Kate Upton poses.
Kate Upton poses.
LOIC VENANCE/Getty

If my phone were hacked, you'd find a lot of Liz Lemon gifs, a bunch of pictures of my dog, and some nude photos. Like Jennifer Lawrence, Kate Upton, and Kirsten Dunst, photos of me exist in the ether that I would prefer not to be shown to everyone in the world. All of us took photos in the privacy of our homes for our own purposes. But unlike those three, I am not an international superstar, and my phone was not hacked on Labor Day weekend, or on Friday.

Hackers on 4chan posted photos of dozens of female celebrities in various states of undress without their consent on the internet for the world to see. These photos initially appeared on 4chan before spreading onto other sites. The first wave happened on August 31, and the second on Saturday. Since the first leak, 4chan instituted a new DMCA policy and Reddit banned its subsite The Fappening which had distributed the images.

As horrible as the leaking of these photos is, though, the way many people responded was worse. Hashtags like #Ifmyphonewerehacked show a fundamental misunderstanding of the issue. These hashtags blame victims under the guise of personal responsibility. By saying #ifmyphonewerehacked you'd see "photos of bands" or "this innocuous selfie," people are really saying that that they, with their lack of nude photos, are above this.

But this isn't about what's on our phones. This is about women being shamed, and objectified, and treated like property. The second release of these photos is a reminder that despite those changes, society still views the leaking of these images as a way to demean and embarrass women.

We use hashtags as a way to place ourselves into a conversation with others — to connect with others. The conversation around #ifmyphonewerehacked, though, was about distancing from others. This was a hashtag created to set people without nude photos on their phone against people who do. Some might call this slut-shaming.

The view that celebrities (or people in general) shouldn't take nude photos is a widely held and highly problematic one. "Don't take nude selfies" falls into the same category as other victim-blaming arguments. Don't wear a short skirt. Don't have a drink at the bar. Don't smile at cat-callers. Don't have too much cleavage. Don't ever, ever say that you want to have sex. Don't possess your sexuality, society says, in any way, because then you deserve to have it taken from you.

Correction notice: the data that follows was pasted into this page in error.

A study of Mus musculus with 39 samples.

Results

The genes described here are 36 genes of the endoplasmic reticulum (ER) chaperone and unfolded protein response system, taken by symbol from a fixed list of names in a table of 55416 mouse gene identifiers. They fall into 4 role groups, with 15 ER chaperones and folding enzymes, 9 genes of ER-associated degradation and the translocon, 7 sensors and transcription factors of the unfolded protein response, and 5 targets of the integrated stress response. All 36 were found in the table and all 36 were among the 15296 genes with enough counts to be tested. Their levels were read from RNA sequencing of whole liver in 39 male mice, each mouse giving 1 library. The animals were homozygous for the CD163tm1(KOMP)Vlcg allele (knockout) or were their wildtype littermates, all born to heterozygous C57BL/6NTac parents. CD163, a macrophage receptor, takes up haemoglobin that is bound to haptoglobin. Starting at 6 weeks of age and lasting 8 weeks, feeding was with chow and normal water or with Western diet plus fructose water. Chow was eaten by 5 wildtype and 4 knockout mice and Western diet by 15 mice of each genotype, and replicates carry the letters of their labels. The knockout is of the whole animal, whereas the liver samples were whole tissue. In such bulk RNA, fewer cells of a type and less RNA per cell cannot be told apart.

By telling people simply "not to take nude selfies," we are encouraging another form of abstinence education that has been proved not to work. "The digital age has changed courtship in many ways, and this is one of them," Kashmir Hill wrote for Forbes. "Texting nude photos is increasingly part of the sexual repertoire; phones have become sex toys."

In reality, few people are above this. There is nothing wrong with libido, nothing wrong with sending a picture or a video or a snapchat to another consenting adult. What's wrong about these photos isn't that they exist or that they were shown on the internet. What's wrong is that they were taken and distributed without consent from the parties involved.


According to studies recently done by the Pew Research Center, 44 percent of 18-24 year olds have received a sext. That means that almost half of the people in the same age group as Lawrence, Upton, and I have received a sext. We are in the minority, but not by much. And it's possible, since some people may not want to admit that they have sexted, that we are not in the minority at all. You can see this in a quirk of Pew's numbers: far more people report receiving sexts than they do sending them — an obvious symptom of a society that sex-shames.

Just look at the response that Mary E. Winstead, an actress affected by the hack, received:

Like abstinence-only education, the onus is entirely placed on women. For men, there is no repercussion to asking, sending, or receiving a sext. There will never be any repercussions. For this particular hashtag, most of the users were male. They quickly told the world that #ifmyphonewerehacked, we would find pictures of more nude women. The rhetoric around an event that should have spurred a national conversation about the way we treat women's sexuality quickly became about the men who could never be hurt by this.

In a perfect world, these photos would appear on the internet, and no one would give a damn, because we would have accepted sexting as a part of life. But in a perfect world, people wouldn't have stolen these photos to begin with, and these women would still have their privacy.

The response to these pictures is terrifying. It is a perfect, encapsulated reminder that your body can be used as a weapon against you. That slut-shaming is so prevalent and accepted in this culture that you could lose your job, or your boyfriend, or your credibility if a photo you once took was stolen from you — and then you will be the one blamed for it.

There are pictures on my phone that I am not ashamed of and that I took for someone I love as a form of sexual expression that was well within my rights. But like Jennifer Lawrence, Kate Upton, and the hundreds of other American women that this happens to every day, I don't want those photos on the internet for any male who wants them.

#Ifmyphonegothacked, there would be nude photos there. But would that make me less of a journalist? Would it make me less of a friend, or a daughter, or an employee? Would it make me less of a person?

This hashtag showed us that to some people in the world, it most certainly would.